I began this book some time ago, got diverted by pressure of work deadlines, and came back to it with absolutely no problems picking it up again right where I’d left off. This, I feel, is the mark of a good book – the characters, settings and plot so strong they can be instantly recalled despite a gap of several months.
I did, as you will see, have my own small niggles with the ending, but I would still like to read the next book in the series when it comes available, as there is so much to like about the entire concept, and Colleen Chesebro’s beautifully visual telling of the story.
14 year old Abby’s life has fallen apart. Her mother is dead, her junkie father missing, presumed dead. And now she’s having to move from the bustling city of Chicago, the only home she’s known, to rural Florida to live with an aunt she’s never met. The only possession she clings to is the calcite pendent that belonged to her mother – a piece of a larger stone, though she doesn’t yet know it, that will lead her into the strange world of the swamp fairy and the destiny for which she was born.
This is a slow burn story, rich with emotion and detail, loving characters, a plot with depth and breadth, along with a side helping of magic. Abby must contend with human greed and her own uncertainties, whilst coming to terms with her unique ability to communicate with all animals. The bond she forms with Sand Dollar, the horse she learns to ride on, is beautifully depicted, right along with the reality of the equine survival instinct that can turn a frightened horse into an unresponsive runaway. Good things and frightening things happen to Abby as she tries to establish herself in this new life, and one of the things I loved the most about this book was that there are a host of genuinely nice, supportive people depicted right along with the mean and the evil ones.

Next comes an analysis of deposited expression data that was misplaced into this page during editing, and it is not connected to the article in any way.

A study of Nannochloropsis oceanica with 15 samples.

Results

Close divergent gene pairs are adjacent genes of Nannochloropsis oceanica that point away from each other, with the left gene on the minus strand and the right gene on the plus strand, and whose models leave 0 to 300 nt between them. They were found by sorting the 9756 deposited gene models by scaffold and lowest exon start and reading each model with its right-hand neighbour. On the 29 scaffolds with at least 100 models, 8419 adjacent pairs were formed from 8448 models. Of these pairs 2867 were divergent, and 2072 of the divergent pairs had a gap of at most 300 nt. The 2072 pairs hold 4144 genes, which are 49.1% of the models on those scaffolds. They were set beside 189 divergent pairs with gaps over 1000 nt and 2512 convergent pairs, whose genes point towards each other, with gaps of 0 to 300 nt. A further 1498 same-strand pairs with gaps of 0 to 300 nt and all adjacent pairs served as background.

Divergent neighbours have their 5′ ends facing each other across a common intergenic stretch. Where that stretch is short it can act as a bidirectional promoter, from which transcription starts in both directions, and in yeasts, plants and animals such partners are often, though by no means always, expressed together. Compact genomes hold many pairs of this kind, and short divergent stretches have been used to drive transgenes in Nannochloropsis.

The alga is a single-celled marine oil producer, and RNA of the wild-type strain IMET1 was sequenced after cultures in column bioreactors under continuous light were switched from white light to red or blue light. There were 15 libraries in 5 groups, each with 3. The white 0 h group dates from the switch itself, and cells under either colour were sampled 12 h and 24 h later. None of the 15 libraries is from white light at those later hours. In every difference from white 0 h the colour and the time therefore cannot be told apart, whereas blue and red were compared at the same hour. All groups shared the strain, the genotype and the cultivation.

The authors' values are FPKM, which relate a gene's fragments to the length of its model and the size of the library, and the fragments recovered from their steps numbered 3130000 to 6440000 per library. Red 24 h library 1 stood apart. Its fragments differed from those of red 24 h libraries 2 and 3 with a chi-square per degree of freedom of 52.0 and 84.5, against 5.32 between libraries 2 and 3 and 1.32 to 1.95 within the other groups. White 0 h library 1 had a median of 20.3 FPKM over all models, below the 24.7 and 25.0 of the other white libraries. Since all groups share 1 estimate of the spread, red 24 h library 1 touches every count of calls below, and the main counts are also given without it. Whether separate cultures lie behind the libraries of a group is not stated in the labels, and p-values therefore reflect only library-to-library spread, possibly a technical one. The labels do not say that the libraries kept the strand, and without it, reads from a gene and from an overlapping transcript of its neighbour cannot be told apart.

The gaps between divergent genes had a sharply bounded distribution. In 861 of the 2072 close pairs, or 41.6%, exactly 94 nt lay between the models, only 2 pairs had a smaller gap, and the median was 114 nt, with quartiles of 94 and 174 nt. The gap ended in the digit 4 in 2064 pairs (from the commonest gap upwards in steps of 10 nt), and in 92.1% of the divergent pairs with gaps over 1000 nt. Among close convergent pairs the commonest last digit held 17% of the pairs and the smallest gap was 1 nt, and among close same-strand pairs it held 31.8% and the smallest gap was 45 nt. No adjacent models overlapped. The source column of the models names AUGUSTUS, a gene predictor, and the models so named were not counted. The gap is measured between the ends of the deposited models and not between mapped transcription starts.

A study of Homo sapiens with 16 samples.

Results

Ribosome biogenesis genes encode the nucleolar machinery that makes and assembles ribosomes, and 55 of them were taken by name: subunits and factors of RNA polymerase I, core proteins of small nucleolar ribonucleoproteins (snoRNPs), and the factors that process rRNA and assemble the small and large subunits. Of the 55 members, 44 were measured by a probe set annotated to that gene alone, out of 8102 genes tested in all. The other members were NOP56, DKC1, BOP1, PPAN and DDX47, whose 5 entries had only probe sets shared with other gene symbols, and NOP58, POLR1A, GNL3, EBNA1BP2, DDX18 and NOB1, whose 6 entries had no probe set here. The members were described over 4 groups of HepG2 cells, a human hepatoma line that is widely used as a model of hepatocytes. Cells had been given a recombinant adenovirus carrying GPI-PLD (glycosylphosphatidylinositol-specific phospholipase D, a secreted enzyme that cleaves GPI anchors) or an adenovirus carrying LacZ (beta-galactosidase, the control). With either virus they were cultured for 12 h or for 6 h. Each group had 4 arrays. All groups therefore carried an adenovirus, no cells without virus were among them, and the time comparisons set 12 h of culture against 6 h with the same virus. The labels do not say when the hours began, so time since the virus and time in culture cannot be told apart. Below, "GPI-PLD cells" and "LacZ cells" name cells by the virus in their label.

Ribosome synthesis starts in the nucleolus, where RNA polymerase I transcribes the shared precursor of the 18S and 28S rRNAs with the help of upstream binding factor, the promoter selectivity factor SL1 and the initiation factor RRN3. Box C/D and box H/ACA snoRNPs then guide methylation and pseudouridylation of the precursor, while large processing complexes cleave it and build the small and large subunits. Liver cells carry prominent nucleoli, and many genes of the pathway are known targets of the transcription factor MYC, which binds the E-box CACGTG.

The writing flowed along nicely (although there did seem to me to be an over-abundance of commas), and I had no trouble at all picturing the vivid scenery and action. Dialogue flowed well, and individual characters came across as distinct people with depth and history.
I did have a problem with one particular scene, largely because it depicted some details incorrectly, which probably won’t bother a lot of people, but it did me.
In the parade leading up to the final showdown, Abby and her friends perform a dressage routine on their horses, something they’ve practiced a few times in the last month or two. Some of the moves in their performance are ones serious riders (I am a professional dressage rider, so I speak with authority here) can spend their whole lives aspiring to and not attaining. One of the movements (Piaffe) is incorrectly described (the description fits Passage, not Piaffe), and ‘Levade’ is a movement so advanced only a handful of horses in the world can do it. Having these children perform it flawlessly had me shaking my head in disbelief.
I was also slightly disappointed by the ending because of two things. ***Spoiler alert*** Firstly, Abby is unconscious during the climax, so her problem is resolved by chance – it might have been magically influenced, but not directly by Abby. This is one of my personal bugbears – I really hope a heroine will find a way to win, not have success happen without any proactive input. Secondly, in the epilogue, Abby embraces the idea of moving to Colorado with enthusiasm, despite having just settled into Florida and bonded with new friends including her first boyfriend. I found that rather hard to swallow.
Overall, the journey was delightful, well-paced and engrossing. It was so pleasant to read a book filled with genuinely nice people. Abby is a gutsy, thoughtful and thoroughly principled girl – a great role model for her age group, and those things, along with the magical aspects and the emphasis on guarding nature, make this book a worthy read, despite my personal niggles.